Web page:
Nothofagus moorei

Antarctic Beech at Comboyne NSW.jpg
Comboyne, Australia
Scientific classification edit
Kingdom: Plantae
Clade: Angiosperms
Clade: Eudicots
Clade: Rosids
Order: Fagales
Family: Nothofagaceae
Genus: Nothofagus
N. moorei
Binomial name
Nothofagus moorei

Lophozonia moorei
Fagus moorei

Nothofagus moorei, commonly known as Antarctic beech, is an important Gondwana relict of the rainforests of the southern hemisphere. It occurs in wet, fire-free areas at high altitude in eastern Australia.


Ferdinand von Mueller described the Antarctic beech in 1866, from material collected near the Bellinger River by Charles Moore.[1]

Once referred to as 'negrohead beech', but now as 'Antarctic beech' (not to be confused with its South American relative, Nothofagus antarctica) is an evergreen tree native to the eastern highlands of Australia. N. moorei proposed to be renamed Lophozonia moorei in 2013.[2] The change in name from Nothofagus to Lophozonia is controversial.[3]

Within the genus, it is part of a lineage of three evergreen species, the other two being silver beech (N. menziesii) of New Zealand and myrtle beech (N. cunninghamii) of Tasmania and Victoria.[2]


These trees typically grow to 25 m (80 ft) tall and have large trunks to 1 m in diameter with scaly, dark brown bark. Maximum height is about 50 m. The leaves are simple and alternate, growing six centimeters long.[4] The leaf color is dark green, with new growth brilliant red, or orange in spring. The tree is deciduous in its native environment, but only partially deciduous in warmer areas, dropping half its leaves in autumn. The leaves are triangular to oblong with fine teeth along the crenate edges. The plants have separate male and female flowers that occur on the same tree. The flowers are small and form inconspicuous clusters near the leaves towards the end of the branches. The fruit, produced from December to February, is a small woody structure of four prickly valves. Each fruit contains three small winged nuts.

Complicated root structures are frequently exhibited. These roots would once have been soil-covered, but have been exposed over the ages by erosion, and covered in moss and lichen. Many of the trees have multiple trunks emanating from a crown, formed by this root structure. Fires are detrimental to the survival of the Antarctic Beech which, unlike many other Australian plants, is slow to recover from fire.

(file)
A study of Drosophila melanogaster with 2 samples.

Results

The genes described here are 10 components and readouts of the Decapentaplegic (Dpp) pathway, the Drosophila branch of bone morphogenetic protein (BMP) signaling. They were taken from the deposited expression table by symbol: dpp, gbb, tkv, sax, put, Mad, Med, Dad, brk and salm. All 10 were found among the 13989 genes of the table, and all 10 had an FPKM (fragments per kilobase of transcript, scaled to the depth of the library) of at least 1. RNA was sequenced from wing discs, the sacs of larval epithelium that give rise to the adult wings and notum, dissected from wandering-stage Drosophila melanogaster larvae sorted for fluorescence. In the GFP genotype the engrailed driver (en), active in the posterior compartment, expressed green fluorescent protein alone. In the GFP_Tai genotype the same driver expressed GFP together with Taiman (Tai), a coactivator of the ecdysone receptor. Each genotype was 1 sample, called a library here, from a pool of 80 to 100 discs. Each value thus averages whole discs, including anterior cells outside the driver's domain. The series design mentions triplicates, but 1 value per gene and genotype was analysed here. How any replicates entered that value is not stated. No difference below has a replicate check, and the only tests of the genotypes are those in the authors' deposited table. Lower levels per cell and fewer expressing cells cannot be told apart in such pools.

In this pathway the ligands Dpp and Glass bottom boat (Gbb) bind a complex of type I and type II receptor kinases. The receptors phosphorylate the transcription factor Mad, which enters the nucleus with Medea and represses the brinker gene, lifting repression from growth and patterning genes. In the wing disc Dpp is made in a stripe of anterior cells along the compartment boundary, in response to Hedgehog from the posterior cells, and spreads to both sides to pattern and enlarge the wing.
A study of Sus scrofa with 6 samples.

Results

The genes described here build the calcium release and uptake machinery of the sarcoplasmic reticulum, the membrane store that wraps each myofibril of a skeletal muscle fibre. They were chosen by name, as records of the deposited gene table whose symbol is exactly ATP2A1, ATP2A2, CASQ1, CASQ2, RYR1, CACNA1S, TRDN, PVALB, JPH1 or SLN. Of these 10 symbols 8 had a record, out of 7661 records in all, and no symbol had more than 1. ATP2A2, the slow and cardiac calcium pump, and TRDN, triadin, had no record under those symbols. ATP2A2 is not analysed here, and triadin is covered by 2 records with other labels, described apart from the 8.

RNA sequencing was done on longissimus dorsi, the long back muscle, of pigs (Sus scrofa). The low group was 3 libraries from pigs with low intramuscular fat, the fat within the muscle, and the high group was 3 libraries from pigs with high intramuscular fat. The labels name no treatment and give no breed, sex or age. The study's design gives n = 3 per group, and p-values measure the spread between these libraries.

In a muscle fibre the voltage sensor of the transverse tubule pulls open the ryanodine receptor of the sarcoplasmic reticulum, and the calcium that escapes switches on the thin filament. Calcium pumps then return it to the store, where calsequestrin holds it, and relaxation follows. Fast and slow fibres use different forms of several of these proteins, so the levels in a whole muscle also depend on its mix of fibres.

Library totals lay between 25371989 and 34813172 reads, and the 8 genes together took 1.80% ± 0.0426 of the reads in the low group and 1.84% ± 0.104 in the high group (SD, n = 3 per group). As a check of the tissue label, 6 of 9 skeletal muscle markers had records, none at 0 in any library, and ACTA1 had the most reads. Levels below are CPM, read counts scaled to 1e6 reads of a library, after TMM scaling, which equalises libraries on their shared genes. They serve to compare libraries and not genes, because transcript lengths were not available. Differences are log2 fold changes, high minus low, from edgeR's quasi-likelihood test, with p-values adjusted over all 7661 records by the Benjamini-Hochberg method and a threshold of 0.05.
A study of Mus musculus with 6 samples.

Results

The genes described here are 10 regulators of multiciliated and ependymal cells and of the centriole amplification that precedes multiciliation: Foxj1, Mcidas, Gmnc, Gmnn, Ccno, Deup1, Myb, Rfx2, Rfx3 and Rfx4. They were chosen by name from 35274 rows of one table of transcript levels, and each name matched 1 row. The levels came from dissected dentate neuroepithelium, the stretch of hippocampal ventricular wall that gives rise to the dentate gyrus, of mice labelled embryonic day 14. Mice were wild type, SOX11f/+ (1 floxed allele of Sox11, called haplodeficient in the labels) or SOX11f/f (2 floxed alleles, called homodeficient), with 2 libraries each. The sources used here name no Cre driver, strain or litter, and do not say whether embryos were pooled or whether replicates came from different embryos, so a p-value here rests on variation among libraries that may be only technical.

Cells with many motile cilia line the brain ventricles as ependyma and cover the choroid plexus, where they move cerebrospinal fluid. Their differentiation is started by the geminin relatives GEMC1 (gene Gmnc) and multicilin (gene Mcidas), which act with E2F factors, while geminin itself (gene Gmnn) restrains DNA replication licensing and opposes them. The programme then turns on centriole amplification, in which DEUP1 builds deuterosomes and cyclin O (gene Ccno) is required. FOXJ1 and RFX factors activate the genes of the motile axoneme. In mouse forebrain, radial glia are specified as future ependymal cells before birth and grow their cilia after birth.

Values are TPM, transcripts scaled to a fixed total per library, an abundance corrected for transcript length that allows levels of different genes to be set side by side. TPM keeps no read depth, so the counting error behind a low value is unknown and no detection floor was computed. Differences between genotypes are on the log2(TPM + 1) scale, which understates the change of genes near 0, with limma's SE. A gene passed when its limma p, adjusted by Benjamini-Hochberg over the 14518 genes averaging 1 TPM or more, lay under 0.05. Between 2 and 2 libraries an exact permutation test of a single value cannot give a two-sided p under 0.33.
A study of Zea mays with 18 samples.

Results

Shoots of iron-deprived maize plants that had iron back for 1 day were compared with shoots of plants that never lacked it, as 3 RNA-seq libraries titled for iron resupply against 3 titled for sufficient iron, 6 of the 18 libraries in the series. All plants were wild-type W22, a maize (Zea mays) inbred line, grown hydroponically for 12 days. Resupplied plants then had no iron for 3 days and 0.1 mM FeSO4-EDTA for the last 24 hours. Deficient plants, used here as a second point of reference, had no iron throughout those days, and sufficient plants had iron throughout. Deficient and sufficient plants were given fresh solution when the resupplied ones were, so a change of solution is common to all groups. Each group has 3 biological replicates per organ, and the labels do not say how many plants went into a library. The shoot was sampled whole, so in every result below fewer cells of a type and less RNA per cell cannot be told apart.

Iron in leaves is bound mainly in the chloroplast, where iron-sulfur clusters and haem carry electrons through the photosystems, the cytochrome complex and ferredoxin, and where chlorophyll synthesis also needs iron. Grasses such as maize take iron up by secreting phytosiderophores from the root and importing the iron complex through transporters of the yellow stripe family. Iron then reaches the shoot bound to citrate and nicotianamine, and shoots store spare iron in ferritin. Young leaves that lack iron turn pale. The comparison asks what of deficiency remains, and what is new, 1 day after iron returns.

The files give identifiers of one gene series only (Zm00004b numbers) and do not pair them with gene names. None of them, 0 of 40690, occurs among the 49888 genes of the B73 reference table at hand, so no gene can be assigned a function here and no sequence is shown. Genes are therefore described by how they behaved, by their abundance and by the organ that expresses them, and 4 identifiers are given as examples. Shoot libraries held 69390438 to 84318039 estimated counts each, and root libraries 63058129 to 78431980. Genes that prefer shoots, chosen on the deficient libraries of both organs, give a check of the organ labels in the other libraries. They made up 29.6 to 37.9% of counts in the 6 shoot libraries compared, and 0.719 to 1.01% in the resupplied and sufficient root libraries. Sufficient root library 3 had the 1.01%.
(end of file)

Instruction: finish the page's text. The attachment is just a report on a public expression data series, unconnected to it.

Distribution and habitat[edit]

Large Antarctic beech at Cobark Park, Barrington Tops, 50 metres tall

The Antarctic beech grows in cool temperate rainforests from the Barrington Tops plateau in New South Wales, north to the Lamington Plateau and Springbrook Plateau, in southern Queensland, between altitudes of 480 m and 1550 m.[5] It occurs in temperate to cool temperatures and with occasional snowfalls. Antarctic Beech at Comboyne have been recorded at four sites, growing in cool stream side rainforests at elevations ranging from 570 to 630 metres above sea level.[6] Antarctic beech achieves its finest development at Werrikimbe National Park and Mount Banda Banda.[7]


Antarctic beech at Mount Banda Banda

Many individuals are extremely old, some about 12,000 years.[8][unreliable source?] And at one time it was believed that the Eastern Australian populations could not reproduce in present-day conditions, except by suckering (asexual reproduction), being remnant forest from a cooler time. It has since been shown that sexual reproduction may occur, but distribution in cool, isolated high-altitude environments at temperate and tropical latitudes is consistent with the theory that the species was more prolific in a cooler age.[9] The pattern of distribution around the southern Pacific Ocean rim has fed speculation that the dissemination of the genus dates to the time when Antarctica, Australia and South America were connected, the theoretical common land-mass referred to as Gondwana.[10]

Antarctic beech trees in Lamington National Park

It is an ornamental tree and cultivated specimens tolerate −7 °C (19 °F), though wild plants growing on Barrington Tops have withstood record low temperatures of −17 °C (1 °F), no source provenance have been selected from there and other mountains, highlands or plateaus for cultivation.[11]


  1. ^ Mueller, F.J.H. von (1866), Fragmenta Phytographiae Australiae, 5, p. 109
  2. ^ a b HEENAN, PETER B.; SMISSEN, ROB D. (2013). "Revised circumscription of Nothofagus and recognition of the segregate genera Fuscospora, Lophozonia, and Trisyngyne (Nothofagaceae)". Phytotaxa. 146 (1): 131. doi:10.11646/phytotaxa.146.1.1. Retrieved 31 May 2015.
  3. ^ Hill, R.S.; Jordan, G.J.; Macphail, M.K. 2015: Why we should retain ''Nothofagus sensu lato''. ''Australian systematic botany'', '''28'''(3): 190-193. doi:10.1071/SB15026
  4. ^ "Nothofagus moorei". Retrieved 2007-08-17.
  5. ^ "Barrington Tops". Archived from the original on 2007-03-11. Retrieved 2007-08-17.
  6. ^ "Lost & Found, Nothofagus moorei at Comboyne. authors C.L. Bale & J.B. Williams" (PDF). Cunninghamia. Retrieved 21 February 2017.
  7. ^ New South Wales Rainforests - The Nomination for the World Heritage List. Paul Adam. 1987. ISBN 0-7305-2075-7
  8. ^
  9. ^ Observations on Nothofagus in New Caledonia. J. W. Dawson.
  10. ^ The Gondwana Forest Sanctuary: Preserving Earth’s Southernmost Forests
  11. ^ Zoete, T. (2000) Vegetation survey of the Barrington Tops and Mount Royal National Parks for use in fire management. Cunninghamia 6, 511-578.